Will Studd has been gardening all his life. He grew up in a large family in the UK – he’s one of six boys – and his father spent a lot of time tending to their backyard vegetable garden. ‘I suppose it’s where I got the bug for growing my own,’ he says. ‘It becomes obsessive after a while.’ As an internationally renowned cheese expert, writer and TV host, Will has received plenty of accolades over the years, but I suspect the school gardening prize he won when aged 10 rates amongst his most treasured achievements.
Will’s home garden is on the outskirts of Byron Bay, in northern New South Wales. It’s a large, lush, sub-tropical wonderland, complete with over 180 species of palm trees, and a huge vegetable garden. Will and his wife Bonnie moved to Byron around 10 years ago from Victoria, and the new climate and its associated plant palette was a real culture shock. ‘When a house plant turns into a garden plant, I think that pretty much underlines culture shock, doesn’t it?’ he says with a laugh. ‘I assumed gardening up here would be easy. It was a massive learning curve, working out what plants would and wouldn’t grow. Particularly in the vegetable garden.’
To help create the structure of the garden, Will enlisted a stonemason friend from Victoria, Otto von Johannsohn of Redhill Stonework, who spent three years building walls, stairs and terraces, helping define spaces within the steep garden. He worked with local plantsman Mike Lickfold and his partner Helen Fawell, who did all the ornamental planting. ‘Mike had a great eye. The garden wouldn’t be what it is without him and Helen. Having lived in Victoria for most of my life, I needed that help.’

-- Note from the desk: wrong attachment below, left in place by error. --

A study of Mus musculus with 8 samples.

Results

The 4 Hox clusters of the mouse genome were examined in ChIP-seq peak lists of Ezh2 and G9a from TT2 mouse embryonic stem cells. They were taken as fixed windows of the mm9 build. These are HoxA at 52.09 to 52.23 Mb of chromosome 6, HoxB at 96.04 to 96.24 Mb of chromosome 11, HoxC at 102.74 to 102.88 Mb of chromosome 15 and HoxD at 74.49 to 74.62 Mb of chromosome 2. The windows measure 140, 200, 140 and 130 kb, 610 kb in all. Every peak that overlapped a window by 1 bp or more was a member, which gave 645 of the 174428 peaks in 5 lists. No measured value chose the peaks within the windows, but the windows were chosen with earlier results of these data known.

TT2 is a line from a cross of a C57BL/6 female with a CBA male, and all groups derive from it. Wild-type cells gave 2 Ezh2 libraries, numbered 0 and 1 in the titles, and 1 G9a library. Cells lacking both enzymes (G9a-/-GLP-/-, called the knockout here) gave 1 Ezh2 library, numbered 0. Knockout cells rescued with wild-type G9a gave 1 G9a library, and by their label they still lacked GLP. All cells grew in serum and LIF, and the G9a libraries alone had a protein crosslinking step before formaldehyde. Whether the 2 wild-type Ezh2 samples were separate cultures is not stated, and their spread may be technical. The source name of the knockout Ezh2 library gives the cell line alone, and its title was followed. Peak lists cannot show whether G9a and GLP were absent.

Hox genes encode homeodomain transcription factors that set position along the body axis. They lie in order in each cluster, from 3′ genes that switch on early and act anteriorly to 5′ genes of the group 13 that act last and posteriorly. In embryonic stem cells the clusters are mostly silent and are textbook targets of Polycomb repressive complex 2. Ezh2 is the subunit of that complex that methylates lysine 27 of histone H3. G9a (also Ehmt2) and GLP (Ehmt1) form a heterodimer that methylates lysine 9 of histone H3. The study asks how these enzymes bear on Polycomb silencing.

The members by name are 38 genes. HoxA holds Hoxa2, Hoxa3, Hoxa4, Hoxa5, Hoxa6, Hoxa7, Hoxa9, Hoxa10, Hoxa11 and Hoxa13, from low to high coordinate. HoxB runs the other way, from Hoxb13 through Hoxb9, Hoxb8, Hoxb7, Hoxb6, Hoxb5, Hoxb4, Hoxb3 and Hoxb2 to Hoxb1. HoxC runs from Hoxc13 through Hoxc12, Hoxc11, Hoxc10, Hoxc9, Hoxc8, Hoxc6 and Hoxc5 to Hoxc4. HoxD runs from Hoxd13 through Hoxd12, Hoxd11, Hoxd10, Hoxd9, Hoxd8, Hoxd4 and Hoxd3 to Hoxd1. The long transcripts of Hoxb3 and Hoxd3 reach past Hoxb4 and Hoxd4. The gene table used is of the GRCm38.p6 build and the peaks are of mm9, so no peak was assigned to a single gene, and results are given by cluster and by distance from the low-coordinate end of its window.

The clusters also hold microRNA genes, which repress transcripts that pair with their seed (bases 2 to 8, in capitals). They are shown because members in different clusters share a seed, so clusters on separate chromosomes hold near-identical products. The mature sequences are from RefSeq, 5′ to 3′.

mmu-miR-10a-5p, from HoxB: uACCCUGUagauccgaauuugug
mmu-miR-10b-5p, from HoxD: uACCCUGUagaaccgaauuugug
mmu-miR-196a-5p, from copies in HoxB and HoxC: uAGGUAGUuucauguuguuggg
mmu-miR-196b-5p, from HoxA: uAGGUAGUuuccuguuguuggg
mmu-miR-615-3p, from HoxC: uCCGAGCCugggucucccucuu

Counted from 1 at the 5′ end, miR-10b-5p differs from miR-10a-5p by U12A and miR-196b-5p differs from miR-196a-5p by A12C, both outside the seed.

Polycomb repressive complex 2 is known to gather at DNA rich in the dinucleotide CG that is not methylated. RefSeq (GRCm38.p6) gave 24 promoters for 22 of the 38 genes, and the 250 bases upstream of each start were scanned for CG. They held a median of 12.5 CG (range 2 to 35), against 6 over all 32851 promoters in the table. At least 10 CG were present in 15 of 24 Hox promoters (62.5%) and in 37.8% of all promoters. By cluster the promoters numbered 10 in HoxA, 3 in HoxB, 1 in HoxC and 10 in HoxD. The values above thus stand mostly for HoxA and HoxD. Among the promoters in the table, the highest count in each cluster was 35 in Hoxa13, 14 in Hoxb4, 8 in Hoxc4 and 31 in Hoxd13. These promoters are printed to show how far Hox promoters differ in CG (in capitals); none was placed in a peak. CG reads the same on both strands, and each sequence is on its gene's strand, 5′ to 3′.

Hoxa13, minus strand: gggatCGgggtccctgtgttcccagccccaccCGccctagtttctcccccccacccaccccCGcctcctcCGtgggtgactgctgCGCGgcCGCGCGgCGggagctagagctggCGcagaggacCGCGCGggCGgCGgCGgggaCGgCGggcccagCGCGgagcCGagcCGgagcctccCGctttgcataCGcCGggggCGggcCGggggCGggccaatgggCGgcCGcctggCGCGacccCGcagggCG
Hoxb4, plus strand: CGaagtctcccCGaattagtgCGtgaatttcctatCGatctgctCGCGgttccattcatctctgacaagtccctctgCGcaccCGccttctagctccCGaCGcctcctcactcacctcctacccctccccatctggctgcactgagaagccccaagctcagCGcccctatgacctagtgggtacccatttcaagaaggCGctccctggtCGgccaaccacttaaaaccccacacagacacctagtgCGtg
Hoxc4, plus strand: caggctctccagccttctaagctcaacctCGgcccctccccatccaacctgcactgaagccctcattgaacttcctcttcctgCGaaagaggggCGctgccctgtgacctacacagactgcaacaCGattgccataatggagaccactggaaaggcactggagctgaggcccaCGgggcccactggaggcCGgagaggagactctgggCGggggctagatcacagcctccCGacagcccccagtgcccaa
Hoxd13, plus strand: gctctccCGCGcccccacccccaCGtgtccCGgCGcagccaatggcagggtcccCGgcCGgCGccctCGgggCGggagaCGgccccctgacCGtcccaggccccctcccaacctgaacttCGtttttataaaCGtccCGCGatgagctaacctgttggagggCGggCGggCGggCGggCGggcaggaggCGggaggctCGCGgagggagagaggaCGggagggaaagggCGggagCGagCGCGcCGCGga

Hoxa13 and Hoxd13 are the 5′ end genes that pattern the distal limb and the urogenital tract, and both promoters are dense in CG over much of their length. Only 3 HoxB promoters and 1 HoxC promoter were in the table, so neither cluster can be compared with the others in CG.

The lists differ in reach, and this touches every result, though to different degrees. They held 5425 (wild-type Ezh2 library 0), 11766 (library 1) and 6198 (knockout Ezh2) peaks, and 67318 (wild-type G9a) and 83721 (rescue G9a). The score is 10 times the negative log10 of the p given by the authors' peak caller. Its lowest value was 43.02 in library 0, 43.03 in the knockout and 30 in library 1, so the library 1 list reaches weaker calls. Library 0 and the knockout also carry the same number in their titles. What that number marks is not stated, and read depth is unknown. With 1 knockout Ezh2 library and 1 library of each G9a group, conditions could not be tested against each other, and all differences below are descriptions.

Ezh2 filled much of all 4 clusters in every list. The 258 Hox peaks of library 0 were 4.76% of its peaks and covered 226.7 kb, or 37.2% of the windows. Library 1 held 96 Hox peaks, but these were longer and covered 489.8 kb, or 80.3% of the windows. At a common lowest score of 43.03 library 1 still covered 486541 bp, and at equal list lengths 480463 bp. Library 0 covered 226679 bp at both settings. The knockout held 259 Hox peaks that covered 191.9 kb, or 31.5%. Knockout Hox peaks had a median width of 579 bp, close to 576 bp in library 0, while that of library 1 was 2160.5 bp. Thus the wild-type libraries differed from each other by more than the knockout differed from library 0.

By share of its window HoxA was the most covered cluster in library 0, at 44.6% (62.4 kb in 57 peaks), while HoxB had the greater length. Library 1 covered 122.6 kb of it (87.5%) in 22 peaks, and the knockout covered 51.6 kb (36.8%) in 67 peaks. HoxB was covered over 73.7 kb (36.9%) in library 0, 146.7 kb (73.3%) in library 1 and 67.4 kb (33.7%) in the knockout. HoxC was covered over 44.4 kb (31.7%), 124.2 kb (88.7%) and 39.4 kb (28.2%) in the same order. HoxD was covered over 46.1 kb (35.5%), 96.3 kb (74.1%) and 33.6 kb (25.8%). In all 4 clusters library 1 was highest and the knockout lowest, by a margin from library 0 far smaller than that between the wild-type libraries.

As well as the huge collection of palms, there’s a bunch of rare cordylines and other colourful exotics. ‘The climate up here means you get really vibrant plants, with loads and loads of colour and texture. You just don’t see that in other places. The cordylines that Mike put in, he picked a really amazing variety of colours – bright greens and purples. People come around and ask for cuttings of the cordylines. I love that.’
Whilst Will loves the vibrant ornamental garden, his focus is firmly on the vegetable patch. ‘The defined seasons you get used to down south don’t really exist up here. Up here the weather is fantastic most of the time, we don’t get extremes. You’d think, then, that growing vegetables would be super easy, but from about November until just after Easter it’s difficult. Rain, humidity and heat is very destructive on a lot of plants. Some things grow really well – like chillies and aubergines and cucumbers, but I don’t bother to grow tomatoes anymore, they just don’t do well. The vegetable garden up here is very productive for around eight months of the year but over summer it’s a bit tricky. I’m still trying to find some interesting things to grow over that time.”
It’s clear that Will is a very, very passionate food gardener. His garden feeds him and his family on a literal level – ‘I definitely overproduce. Our kids, visitors, everyone gets stuck in but there’s still always excess. It’s the way it is’ – and on a soul level, too. ‘When you plant a garden, you plant for the future. There’s something very uplifting about that. When you plant a tree and know that it’ll hopefully be around for the next 40,50, 100 years, that’s a very special, very generous, thing to do.’
Will is right. A garden is a gift. It’s clear he treasures his, and the people who helped him create it. ‘I am incredibly grateful to the people who helped me make this garden. It wouldn’t be anything near what it is now without their help. Let’s face it, growing a carrot isn’t that hard!’